A zombie process is a defunct computer program that has completed execution but still lingers in the system, awaiting its exit status to be retrieved. Think of it as a digital ghost, harmless yet occupying resources. It's a fascinating aspect of operating system behavior. What could be the implications of these undead processes on your computer's performance? Let's uncover the mystery together.
Jeremy Laukkonen
Jeremy Laukkonen

A zombie process is an instance of a computer program that retains a process table record despite having finished executing. Defunct processes like these are typically associated with Unix® and other similar operating systems due to the way they handle child processes. When a child process has finished executing, the parent is typically responsible for removing it from the process table. It is usually not possible to directly remove a zombie process with the kill command, though the parent can often be made to remove it if the operator uses the signal child (SIGCHLD) notification. Failing this, a zombie process may be removed indirectly by killing the parent.

Zombie process is a metaphorical descriptive term that makes reference to the living dead. Defunct processes in Unix® and similar operating systems can be seen as analogous to zombies in that they maintain a process table presence despite no longer performing their intended functions. When a process has finished executing it is sometimes said to have died, while the means by which the operating system recovers its process table allocation may be known as reaping. The parent process of a zombie is technically supposed to reap its children, though this does not always happen.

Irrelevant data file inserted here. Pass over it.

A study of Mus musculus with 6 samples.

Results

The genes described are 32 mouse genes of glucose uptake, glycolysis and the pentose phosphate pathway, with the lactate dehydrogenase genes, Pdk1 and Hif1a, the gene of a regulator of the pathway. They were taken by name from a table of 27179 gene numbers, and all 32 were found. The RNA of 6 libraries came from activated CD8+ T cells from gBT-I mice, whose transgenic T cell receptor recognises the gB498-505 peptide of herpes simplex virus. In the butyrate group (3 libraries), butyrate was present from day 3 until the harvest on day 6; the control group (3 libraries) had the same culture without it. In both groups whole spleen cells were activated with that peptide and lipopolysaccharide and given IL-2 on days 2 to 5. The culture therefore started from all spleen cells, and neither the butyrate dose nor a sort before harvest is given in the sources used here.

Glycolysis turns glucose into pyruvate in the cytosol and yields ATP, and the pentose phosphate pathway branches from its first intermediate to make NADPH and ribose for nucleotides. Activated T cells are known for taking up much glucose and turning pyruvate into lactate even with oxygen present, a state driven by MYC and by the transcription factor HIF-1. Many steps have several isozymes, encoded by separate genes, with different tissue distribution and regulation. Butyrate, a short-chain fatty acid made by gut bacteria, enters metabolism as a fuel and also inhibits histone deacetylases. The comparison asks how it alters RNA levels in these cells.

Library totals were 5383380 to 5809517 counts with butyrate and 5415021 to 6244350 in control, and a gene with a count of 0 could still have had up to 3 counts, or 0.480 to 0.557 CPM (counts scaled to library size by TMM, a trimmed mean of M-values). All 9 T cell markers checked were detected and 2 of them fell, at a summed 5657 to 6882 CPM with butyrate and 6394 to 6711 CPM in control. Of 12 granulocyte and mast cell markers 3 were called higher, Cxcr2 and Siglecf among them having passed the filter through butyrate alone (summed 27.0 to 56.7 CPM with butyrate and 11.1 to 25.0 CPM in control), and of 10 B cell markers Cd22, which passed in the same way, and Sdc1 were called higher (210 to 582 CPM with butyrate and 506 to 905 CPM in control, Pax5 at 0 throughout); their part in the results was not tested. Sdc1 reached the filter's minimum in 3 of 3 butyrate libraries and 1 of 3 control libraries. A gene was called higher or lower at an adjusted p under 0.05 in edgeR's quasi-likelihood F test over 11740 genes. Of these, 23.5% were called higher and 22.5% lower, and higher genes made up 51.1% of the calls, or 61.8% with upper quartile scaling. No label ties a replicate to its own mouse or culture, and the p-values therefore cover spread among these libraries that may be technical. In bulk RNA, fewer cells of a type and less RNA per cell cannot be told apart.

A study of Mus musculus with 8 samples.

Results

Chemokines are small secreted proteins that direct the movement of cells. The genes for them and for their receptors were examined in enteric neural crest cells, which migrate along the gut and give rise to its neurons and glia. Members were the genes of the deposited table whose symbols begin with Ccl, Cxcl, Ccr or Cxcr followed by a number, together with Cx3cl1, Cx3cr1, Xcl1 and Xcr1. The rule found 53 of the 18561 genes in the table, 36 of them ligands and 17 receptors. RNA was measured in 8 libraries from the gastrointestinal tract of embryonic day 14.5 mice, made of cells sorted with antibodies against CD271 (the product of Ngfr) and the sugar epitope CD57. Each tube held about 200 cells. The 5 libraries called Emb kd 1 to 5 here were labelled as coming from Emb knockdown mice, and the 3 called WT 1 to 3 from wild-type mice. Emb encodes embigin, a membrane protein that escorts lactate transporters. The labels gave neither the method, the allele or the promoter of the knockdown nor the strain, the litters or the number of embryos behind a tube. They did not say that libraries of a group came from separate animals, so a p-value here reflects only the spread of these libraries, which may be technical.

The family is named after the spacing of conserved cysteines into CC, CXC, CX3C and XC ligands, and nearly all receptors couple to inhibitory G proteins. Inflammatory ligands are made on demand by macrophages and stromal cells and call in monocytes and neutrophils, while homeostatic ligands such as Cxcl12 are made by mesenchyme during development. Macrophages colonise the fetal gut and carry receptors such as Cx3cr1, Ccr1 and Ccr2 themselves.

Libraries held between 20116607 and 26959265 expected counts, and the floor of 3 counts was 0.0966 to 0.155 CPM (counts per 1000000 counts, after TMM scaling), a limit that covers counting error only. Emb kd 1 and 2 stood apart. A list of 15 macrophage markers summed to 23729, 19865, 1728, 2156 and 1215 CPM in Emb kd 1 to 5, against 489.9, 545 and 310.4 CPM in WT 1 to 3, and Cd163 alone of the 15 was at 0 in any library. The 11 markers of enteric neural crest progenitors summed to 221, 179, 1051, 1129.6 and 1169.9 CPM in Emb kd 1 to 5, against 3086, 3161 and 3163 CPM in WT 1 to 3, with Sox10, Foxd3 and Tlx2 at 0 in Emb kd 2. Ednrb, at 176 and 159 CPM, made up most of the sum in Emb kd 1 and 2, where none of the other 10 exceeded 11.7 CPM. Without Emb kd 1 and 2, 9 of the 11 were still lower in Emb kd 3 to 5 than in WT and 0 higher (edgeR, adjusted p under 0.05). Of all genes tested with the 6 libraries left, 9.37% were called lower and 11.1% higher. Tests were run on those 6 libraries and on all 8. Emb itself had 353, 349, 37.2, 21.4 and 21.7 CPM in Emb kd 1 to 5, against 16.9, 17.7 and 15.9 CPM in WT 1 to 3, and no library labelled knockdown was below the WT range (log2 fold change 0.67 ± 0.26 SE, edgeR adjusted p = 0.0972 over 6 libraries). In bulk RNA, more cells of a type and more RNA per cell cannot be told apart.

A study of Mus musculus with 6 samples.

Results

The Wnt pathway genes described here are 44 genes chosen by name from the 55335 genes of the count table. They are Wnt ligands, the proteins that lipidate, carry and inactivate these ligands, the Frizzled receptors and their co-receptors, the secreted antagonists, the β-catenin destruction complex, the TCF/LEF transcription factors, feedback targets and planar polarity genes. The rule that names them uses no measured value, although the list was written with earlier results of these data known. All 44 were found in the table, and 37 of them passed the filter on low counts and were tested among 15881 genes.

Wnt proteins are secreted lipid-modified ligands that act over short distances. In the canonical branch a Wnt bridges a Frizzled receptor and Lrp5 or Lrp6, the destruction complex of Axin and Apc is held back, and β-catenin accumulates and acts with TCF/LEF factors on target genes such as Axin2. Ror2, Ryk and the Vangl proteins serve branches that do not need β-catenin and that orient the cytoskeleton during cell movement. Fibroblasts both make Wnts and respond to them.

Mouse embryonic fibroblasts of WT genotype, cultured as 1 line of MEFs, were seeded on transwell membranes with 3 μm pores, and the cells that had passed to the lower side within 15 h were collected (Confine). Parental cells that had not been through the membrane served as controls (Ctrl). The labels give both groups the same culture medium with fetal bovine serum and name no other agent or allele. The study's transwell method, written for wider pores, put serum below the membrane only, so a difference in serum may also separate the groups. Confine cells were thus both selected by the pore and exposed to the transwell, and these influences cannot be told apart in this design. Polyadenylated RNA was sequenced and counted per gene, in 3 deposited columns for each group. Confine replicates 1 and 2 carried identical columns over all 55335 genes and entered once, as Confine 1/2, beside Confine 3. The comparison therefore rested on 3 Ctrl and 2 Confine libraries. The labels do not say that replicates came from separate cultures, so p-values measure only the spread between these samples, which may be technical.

Man holding computer
Man holding computer

There are certain cases where the existence of a zombie process may be intentional or even desired. After a child process has ceased execution, the parent may need to run another instance of the same program later. If a zombie has not been removed from the process table, a new child will not be assigned the same identification (ID) as the old child. Certain programs may benefit from or even require this sort of differentiation.

If a parent process has not executed the wait command to reap zombies it is responsible for, it may be possible to force the issue. This is typically done via the kill command and sending the SIGCHLD signal to the parent process. If everything is working properly, a parent process that receives this signal should reap its zombie children so that their IDs and process table positions can be reused.

Under certain circumstances, a parent process may ignore the SIGCHLD signal. If this occurs and the operator still desires that the process table be cleared, the parent process may be killed. Any zombies that the parent process created will then be be assigned as children to the init process. Since init periodically initiates the wait command on its children, any zombies it is responsible for will eventually be removed from the process table.